We set off on a road trip in convoy with Leigh’s mum Brenda, up to Durban via Ugie, then back to Grahamstown and on to Plett where we stayed a few days with the Matthews family and finally to Cape Town, stopping to drop Bambi off at a safe and shaded caravan storage park near Somerset West.
The journey was lovely, despite a breakdown in Brenda’s car on the N2 leaving us needing to navigate the potholed roads of the northern Transkei at night: not quite as bad as driving in Morocco at night (something we did once and swore never to repeat again, as the roads were filled with animals, cyclists without lights and riders wearing black, cars with faulty lights and pedestrians in the middle of the road) as at least the road was quiet – but it certainly made us realize we were back in Africa!
Bambi’s first African adventure
It was wonderful driving through the Eastern Cape: troupes of baboons, flowering Eastern Cape Christmas trees, and lots of vervet monkeys and then on to the magnificent Maluti mountains where the butterflies were out in full force in the foothills of the Drakensburg.
We passed through Elliot, land of rolling hills and emptiness. We followed one of the new Heritage Routes, following in the footsteps of the Elliot 5 and seeing various safe houses and other key sites which shaped the history of the ANC along the way.
We stayed over in Ugie, just near Maclear. Ugie itself is a bit of a one horse town so we explored the surrounding area, driving to the nearby Tsitsa Falls. There had been a lot of rain in the area, leaving the dirt roads in a rather appalling state and we were very impressed by Brenda’s 2-wheel drive, handling terrain far more suited to a 4×4 (we hope that this was not what caused the later breakdown …)! Maclear is set in amongst boulder strewn hills which are quite magical, with fields carved up by barbed wire and stone boulder fencing.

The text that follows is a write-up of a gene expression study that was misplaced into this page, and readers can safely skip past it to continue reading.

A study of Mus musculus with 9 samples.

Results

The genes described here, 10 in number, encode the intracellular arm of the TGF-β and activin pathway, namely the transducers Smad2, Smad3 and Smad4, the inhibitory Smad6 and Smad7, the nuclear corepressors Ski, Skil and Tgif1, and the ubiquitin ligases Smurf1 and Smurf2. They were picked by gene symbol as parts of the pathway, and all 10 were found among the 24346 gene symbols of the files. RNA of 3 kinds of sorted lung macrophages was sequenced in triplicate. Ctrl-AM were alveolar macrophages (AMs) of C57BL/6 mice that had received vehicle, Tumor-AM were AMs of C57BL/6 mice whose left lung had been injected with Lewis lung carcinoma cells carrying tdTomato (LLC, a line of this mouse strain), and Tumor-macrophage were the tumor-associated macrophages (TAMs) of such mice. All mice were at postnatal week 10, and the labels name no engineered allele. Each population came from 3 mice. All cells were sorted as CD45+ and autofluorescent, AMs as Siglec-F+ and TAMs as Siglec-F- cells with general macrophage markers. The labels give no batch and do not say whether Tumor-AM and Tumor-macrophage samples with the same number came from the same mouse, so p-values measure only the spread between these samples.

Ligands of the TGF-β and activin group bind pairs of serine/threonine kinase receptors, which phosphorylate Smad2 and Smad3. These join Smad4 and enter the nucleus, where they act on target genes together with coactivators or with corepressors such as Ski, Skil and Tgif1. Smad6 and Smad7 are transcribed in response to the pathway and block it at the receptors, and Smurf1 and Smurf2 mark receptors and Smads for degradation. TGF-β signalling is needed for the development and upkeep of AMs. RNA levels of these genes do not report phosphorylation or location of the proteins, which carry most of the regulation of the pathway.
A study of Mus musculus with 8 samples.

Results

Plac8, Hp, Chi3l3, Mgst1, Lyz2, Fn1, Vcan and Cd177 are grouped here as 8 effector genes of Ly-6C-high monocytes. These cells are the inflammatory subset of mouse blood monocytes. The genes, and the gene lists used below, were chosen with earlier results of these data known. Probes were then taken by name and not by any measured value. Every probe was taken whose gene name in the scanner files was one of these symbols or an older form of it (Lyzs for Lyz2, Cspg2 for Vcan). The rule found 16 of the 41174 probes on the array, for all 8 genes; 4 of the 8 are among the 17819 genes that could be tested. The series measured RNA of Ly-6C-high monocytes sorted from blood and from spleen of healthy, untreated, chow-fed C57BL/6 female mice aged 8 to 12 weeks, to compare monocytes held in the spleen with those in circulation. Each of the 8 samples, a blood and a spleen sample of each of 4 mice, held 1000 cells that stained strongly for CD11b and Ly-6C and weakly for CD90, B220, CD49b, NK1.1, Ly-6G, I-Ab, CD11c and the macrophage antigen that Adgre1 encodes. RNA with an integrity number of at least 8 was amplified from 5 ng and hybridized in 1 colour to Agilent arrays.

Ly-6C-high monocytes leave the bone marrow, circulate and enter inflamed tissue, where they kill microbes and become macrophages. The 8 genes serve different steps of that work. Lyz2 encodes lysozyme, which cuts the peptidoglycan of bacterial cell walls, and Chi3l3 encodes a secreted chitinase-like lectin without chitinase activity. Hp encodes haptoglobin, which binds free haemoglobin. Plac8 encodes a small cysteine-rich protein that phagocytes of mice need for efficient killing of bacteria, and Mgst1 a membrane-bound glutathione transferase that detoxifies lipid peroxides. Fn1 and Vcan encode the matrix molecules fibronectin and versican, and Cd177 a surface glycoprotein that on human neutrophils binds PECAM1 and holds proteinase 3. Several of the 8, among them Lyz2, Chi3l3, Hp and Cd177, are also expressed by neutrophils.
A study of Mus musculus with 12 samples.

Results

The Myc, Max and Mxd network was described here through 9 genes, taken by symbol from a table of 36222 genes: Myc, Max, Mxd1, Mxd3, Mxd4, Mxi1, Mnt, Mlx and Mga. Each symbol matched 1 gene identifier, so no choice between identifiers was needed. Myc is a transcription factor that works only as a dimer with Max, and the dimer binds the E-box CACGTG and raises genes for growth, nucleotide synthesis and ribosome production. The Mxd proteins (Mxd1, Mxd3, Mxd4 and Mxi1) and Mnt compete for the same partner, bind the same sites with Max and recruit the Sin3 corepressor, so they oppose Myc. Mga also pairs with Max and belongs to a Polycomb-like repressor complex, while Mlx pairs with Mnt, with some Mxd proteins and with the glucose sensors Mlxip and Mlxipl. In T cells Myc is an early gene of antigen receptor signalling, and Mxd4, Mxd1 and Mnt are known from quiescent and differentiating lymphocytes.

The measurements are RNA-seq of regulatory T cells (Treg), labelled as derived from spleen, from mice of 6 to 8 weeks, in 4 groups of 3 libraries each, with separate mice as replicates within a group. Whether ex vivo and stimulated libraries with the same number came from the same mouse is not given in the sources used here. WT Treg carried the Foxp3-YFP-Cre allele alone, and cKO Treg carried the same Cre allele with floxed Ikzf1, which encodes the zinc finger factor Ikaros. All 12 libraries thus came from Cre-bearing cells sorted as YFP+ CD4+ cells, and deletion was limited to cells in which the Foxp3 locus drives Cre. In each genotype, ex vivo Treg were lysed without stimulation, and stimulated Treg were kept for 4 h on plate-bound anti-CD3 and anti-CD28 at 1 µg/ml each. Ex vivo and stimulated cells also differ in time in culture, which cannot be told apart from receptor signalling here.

North of Maclear, we turned off the main road (to avoid the rather notorious Umtata stretch through the Transkei) and entered a wonderful rural world of gorgeous green fields and lots of goats, cattle, sheep, horses and donkeys (unfortunately often on the road rather than in the green fields) and RDP housing.
Taking the road north, we eventually rejoined the national road, but before this wound through gorgeous forested areas, interspersed with more green fields populated by magnificent crested cranes. The further north we headed, the more luxuriant it became. We stopped in Pietermaritzburg to catch up with Hayley (Damon was up in Ethiopia) and then headed on to Durban the next day, getting back on the road as quickly as we could after trying to repack our ransacked vehicles.